Sea of Garbage

When I was a very small child, we moved house, and I have this weird child-memory of my mother wading in a room filled with junk left behind by the previous tenants. Nothing brings that to mind like a trip to a landfill.

When Noel finished repairing the roof a couple weeks ago (it's holding up admirably, by the way), it was time to make a dump run with discarded old shingles, some scraps of drywall that nobody wanted, and a last can full of junk from the dining room work.

I loaded up the big truck and we were off:

Trash run

(I know, it hardly looks like anything in the back of Bertha, there, doesn't it? But we had four large trash cans, a sizable pile of drywall scraps, and in the end I tossed in a few bags of scraps from the Neumanskys, as well, which is only fair since Bertha is their truck and they let us use her all the time.)

I'd never been to the Davis Street Transfer Station before, but if I had, I would have known it's easily accessible from Alameda by surface streets (I took the freeway which sucked in the big truck). Leading up to it is a trash mall: all kinds of metal and other material recyclers and handlers. In fact, the place where we took our late, unlamented metal awning to be recycled was right up the street.

You pay by weight: as you enter they weigh your loaded vehicle. If you don't know the weight of your truck, you have to give them a $150 CASH deposit, no credit cards or checks, which I had carefully obtained beforehand. Then they weigh you on the way out and give you back the deposit less the cost of your trash.

Here's the guy ahead of me being weighed.

Dump scales

Fortunately for me, I am a small woman, so I got the total GIRL treatment: the guy charged me by volume instead of weight (so no need for that wad of cash I had obtained), then when I drove to the wrong place everybody smiled and pointed me the right way, and helped me back the truck up, and were really nice. I drove around behind the big building and backed in, then dumped off my load of stuff.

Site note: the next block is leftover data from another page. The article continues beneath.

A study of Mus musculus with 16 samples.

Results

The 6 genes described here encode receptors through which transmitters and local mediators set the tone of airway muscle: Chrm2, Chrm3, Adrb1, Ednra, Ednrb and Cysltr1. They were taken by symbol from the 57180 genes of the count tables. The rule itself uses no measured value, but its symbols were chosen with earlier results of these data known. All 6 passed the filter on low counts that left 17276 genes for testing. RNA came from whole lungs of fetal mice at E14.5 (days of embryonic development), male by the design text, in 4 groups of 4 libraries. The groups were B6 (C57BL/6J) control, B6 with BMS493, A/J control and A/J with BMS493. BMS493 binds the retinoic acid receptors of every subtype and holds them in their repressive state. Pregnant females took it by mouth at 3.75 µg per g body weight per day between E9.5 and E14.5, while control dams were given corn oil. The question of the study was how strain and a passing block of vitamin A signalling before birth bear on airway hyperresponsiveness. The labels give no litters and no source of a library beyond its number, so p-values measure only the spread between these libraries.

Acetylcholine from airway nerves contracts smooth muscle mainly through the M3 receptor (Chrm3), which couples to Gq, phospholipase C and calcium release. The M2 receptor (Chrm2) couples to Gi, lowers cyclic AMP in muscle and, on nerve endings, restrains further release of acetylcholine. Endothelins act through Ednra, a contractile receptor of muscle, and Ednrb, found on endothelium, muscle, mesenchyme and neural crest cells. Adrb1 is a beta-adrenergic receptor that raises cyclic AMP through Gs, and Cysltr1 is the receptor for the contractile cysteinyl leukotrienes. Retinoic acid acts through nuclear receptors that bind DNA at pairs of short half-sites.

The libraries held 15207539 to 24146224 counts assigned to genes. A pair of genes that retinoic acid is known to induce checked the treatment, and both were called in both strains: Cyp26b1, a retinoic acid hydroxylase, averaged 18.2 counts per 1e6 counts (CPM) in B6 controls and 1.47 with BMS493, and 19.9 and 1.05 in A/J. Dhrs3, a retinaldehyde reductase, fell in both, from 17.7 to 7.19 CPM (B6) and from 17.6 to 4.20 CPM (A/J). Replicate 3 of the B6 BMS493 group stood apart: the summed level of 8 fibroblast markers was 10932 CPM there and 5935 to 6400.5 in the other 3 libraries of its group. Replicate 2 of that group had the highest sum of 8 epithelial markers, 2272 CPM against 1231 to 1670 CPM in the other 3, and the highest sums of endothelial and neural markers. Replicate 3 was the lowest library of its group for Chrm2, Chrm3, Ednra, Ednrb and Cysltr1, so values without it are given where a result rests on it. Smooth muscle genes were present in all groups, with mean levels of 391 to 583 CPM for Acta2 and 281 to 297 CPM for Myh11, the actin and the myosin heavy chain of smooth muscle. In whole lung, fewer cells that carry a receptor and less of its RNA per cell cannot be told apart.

As the trucks were lining up and dumping their stuff, a bulldozer was shoving it along the concrete surface into this building:

Where all your trash goes

It's kind of awe-inspiring, how much trash we produce. I watched for a while as load after load of trash came off the garbage trucks and fell from the mouth of that conveyor on the left. That pile at the bottom is over 10 feet tall. In the time it took the bulldozer to shove the pile inside (you can't really see him in there because of the light), the loads from the garbage trucks piled up that high again.


3 Comments

The Berkeley transfer station is similar, but the Davis Street transfer station is much bigger and all the more impressive/depressing. It's (a) amazing how much garbage we as a society produce (b) how bad it all smells, considering how much of it is stuff like old chairs and mattress springs that shouldn't smell at all.

Yeah, a lot of stuff.

Remodeling debris is unavoidable, I guess, but on a day to day basis I am trying more and more to reduce trash. My goal is zero non-recyclable stuff.

We have curbside pickup for plastic/metal (amazingly, even tiny bottles like for pills now often come in the acceptable plastic types, companies are getting their acts together) and paper/cardboard. And I save plastic bags, of which there are an appalling number like bread bags, to take back to the grocery store recycling bins for that.

I get annoyed at companies that persist in using bad packaging (if pressed paper is good enough for frozen dinner product trays for Amy's, why is it not good enough for Lean Cuisine, which uses plastic that will be here forever.) Note to Lean Cuisine, good way to get me to stop buying your products.

So more and more I am cooking from scratch, which really reduces the waste of packaging, since ingredients tend to come in metal, glass, or "paper."

Gene, it's that the stuff that does stink is really, really stinky.